The city where Brits will finally change their minds about Germany

The Beatles arrived in Hamburg barely 20 years after Operation Gomorrah, the RAF bombing raid in 1943 which killed 40,000 people here. For Britain it was payback for Coventry, but it’s still traumatic to think of all those who died, in a terrifying firestorm which engulfed the city centre. The tarmac melted in the streets. Even the oily water in the canals caught fire.

Hamburg still bears the scars of the Second World War, but given the scale of its destruction, what’s remarkable is how much has survived rather than how much has vanished. No-one would call it beautiful, but it’s a handsome, imposing place, and its no-nonsense, unsentimental character is reflected in its robust architecture, old and new.

Despite its rough veneer, it’s a wealthy city, with lots of posh shops and stylish restaurants. As befits an international, outward-looking port, the cuisine is cosmopolitan – no need to stick to sausages and sauerkraut, unless you really want to. If you’re here on Sunday morning head for the Fischmarkt, the ornate fish market where The Beatles used to eat breakfast after a hard day’s night. The local speciality is Bismarck herring, served in a crusty roll with raw onion, washed down with a cold beer.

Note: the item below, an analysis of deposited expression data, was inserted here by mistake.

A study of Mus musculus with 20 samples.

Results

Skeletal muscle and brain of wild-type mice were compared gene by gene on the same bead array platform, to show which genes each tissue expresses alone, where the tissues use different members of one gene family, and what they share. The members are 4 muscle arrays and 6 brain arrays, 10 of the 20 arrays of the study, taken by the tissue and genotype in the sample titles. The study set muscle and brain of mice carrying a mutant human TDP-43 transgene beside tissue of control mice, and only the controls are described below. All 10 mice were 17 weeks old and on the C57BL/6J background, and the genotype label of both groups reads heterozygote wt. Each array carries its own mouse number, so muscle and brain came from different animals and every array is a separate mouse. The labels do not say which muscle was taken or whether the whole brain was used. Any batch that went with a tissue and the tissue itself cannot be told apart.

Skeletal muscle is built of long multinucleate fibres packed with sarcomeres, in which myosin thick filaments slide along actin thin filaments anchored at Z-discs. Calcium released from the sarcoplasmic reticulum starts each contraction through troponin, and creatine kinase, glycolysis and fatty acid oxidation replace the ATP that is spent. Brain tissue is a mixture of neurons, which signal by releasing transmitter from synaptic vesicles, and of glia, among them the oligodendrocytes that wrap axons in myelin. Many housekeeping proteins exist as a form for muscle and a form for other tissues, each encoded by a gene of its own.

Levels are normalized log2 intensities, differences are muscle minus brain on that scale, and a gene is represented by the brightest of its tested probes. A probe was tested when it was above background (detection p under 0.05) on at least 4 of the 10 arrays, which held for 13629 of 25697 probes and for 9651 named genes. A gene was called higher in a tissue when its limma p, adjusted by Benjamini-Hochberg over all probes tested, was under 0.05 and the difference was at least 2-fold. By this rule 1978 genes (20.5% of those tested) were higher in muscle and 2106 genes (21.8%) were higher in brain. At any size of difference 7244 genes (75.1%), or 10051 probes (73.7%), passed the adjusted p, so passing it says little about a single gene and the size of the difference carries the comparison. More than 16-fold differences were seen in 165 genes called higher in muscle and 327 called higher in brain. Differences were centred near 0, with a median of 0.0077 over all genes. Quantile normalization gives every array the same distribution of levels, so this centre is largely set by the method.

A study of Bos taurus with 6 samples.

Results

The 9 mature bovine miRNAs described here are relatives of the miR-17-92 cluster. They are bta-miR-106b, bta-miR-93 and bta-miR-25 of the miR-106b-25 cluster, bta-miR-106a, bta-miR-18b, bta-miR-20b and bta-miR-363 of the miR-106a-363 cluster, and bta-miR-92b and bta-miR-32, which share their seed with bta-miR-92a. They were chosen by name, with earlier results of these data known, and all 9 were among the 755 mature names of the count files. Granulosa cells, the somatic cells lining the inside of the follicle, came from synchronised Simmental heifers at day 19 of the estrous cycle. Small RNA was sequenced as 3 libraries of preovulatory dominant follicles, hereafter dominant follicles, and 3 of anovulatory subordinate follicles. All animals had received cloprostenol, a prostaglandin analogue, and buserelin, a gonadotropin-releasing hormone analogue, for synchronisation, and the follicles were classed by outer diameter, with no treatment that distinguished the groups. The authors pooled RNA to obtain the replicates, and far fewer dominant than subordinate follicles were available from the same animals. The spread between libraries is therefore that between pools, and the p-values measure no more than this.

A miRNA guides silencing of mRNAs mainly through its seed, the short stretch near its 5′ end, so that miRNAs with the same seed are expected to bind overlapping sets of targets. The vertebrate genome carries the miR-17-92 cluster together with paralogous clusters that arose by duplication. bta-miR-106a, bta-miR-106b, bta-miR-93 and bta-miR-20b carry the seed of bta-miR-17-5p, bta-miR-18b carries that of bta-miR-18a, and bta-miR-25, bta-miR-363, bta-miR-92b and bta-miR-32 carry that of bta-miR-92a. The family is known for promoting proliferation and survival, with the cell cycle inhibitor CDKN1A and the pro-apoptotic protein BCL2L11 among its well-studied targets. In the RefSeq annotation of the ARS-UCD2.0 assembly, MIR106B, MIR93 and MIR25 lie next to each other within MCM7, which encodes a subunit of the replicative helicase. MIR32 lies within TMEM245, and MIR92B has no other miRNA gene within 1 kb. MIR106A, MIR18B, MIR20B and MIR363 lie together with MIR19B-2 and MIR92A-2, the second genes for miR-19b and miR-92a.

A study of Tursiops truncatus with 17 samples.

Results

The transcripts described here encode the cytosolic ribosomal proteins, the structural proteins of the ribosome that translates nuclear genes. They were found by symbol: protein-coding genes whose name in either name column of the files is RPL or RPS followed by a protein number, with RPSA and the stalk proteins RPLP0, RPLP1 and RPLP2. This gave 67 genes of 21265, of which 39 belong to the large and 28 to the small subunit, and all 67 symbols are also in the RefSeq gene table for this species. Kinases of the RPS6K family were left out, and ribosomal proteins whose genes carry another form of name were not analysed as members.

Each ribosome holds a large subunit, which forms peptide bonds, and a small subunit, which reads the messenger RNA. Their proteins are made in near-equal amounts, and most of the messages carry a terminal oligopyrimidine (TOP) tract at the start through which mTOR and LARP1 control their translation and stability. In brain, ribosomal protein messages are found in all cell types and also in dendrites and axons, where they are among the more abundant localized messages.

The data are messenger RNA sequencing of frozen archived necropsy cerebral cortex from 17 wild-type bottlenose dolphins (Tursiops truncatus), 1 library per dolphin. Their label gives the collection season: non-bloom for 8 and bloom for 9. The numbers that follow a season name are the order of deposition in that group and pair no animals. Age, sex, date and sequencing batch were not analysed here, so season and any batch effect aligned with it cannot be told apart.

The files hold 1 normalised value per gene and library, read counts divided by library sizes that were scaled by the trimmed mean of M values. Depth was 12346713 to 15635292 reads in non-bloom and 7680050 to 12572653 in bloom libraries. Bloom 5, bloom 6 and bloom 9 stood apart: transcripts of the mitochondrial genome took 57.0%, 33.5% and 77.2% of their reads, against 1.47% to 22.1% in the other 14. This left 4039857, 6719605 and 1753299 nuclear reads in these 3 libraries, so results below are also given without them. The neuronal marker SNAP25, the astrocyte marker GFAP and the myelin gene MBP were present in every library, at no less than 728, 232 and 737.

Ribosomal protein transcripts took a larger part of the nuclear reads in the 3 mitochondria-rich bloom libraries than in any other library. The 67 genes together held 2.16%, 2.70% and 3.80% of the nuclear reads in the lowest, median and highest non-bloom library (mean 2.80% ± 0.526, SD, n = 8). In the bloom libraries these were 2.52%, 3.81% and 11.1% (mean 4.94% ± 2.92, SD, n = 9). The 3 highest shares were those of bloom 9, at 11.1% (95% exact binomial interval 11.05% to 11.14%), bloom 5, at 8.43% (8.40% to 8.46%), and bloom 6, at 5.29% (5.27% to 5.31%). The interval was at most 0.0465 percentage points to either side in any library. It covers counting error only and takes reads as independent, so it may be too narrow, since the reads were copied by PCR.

On my last morning I walked to the Landungsbrücken, where the ferries dock, and took a boat trip around the harbour. Container ships loomed over us, as tall as tower blocks. In the afternoon I took the train out to Blankenese – formerly a fishing village, now an affluent suburb. Nowadays, you need a lot of money to buy one of the fishermen’s houses on the hillside above the River Elbe. I walked along the windswept waterfront and watched the big ships sailing by. You can see why folk call Hamburg Germany’s gateway to the world.

The light was fading. I headed back into town for my final appointment, a visit to the Fontenay, Hamburg’s suave new five-star hotel. From the rooftop bar you can look right across the Alster, Hamburg’s vast city centre lake, and I realised, with a start, that I was staring at the vista in my grandma’s painting. I’d guessed her old house was nearby. I didn’t realise it was just around the corner.